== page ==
A few weeks ago, a helicopter was sent on a rescue mission to a remote location deep in Limahuli Valley on Kauai’s north shore. This time, it wasn’t a hiker in distress needing rescue. The mission was part of an on-going effort to save the endangered Newell’s Shearwater from extinction. From Kaua‘i, HPR contributing reporter Scott Giarman has more.
90% of endangered Newell’s Shearwaters – `A`o in Hawaiian – live on Kauai’s north shore. Other small populations are believed to be on the Big Island, Molokai, Lehua Island and perhaps elsewhere. The Shearwaters took a big hit in 1992’s Hurricane Iniki and populations have been declining ever since, due in large part to predators like cats, rats, pigs and Barn Owls.
Late last month, the US Fish & Wildlife Service led a team of more than a dozen people who removed seven large, healthy chicks—taking them to an area within the Kīlauea Point National Wildlife Refuge protected by a predator-proof fence.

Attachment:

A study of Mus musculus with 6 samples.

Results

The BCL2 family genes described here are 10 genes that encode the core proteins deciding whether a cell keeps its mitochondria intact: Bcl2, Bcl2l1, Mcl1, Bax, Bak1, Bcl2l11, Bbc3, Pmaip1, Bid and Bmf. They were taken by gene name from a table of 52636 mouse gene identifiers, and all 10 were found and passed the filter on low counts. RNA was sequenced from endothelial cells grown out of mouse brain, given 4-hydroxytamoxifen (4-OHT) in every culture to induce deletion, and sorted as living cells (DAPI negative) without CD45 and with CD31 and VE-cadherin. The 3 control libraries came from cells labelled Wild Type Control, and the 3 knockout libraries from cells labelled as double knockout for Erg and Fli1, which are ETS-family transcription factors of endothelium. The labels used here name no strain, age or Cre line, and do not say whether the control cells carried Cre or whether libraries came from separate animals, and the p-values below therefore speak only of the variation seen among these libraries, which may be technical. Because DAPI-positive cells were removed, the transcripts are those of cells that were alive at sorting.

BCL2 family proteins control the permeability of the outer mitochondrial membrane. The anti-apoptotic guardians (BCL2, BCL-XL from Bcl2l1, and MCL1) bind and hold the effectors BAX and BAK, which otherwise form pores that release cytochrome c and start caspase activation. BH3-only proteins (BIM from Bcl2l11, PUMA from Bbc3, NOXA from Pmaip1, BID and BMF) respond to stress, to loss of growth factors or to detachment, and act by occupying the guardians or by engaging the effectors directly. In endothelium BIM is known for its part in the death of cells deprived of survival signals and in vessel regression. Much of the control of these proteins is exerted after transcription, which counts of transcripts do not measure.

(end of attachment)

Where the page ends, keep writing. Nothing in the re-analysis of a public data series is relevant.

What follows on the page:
The timing of the move was critical. Shearwaters stay with their young to ensure they grow big and strong; then the parents leave. It takes a while for the young ones to figure out that their parents aren’t coming back. Eventually, hunger and instinct drive the young birds to leave their burrows. The rescuers successfully captured the birds during this intermediate stage in their natural home deep in Limahuli Valley.
The young Shearwaters are now snug in their new homes within the protection of the predator-proof fence. Soon, they will emerge and begin their first flights---feeding from the ocean. Before they go, the young birds will imprint an image of the night sky so they will know where their protected home is when it is time to return.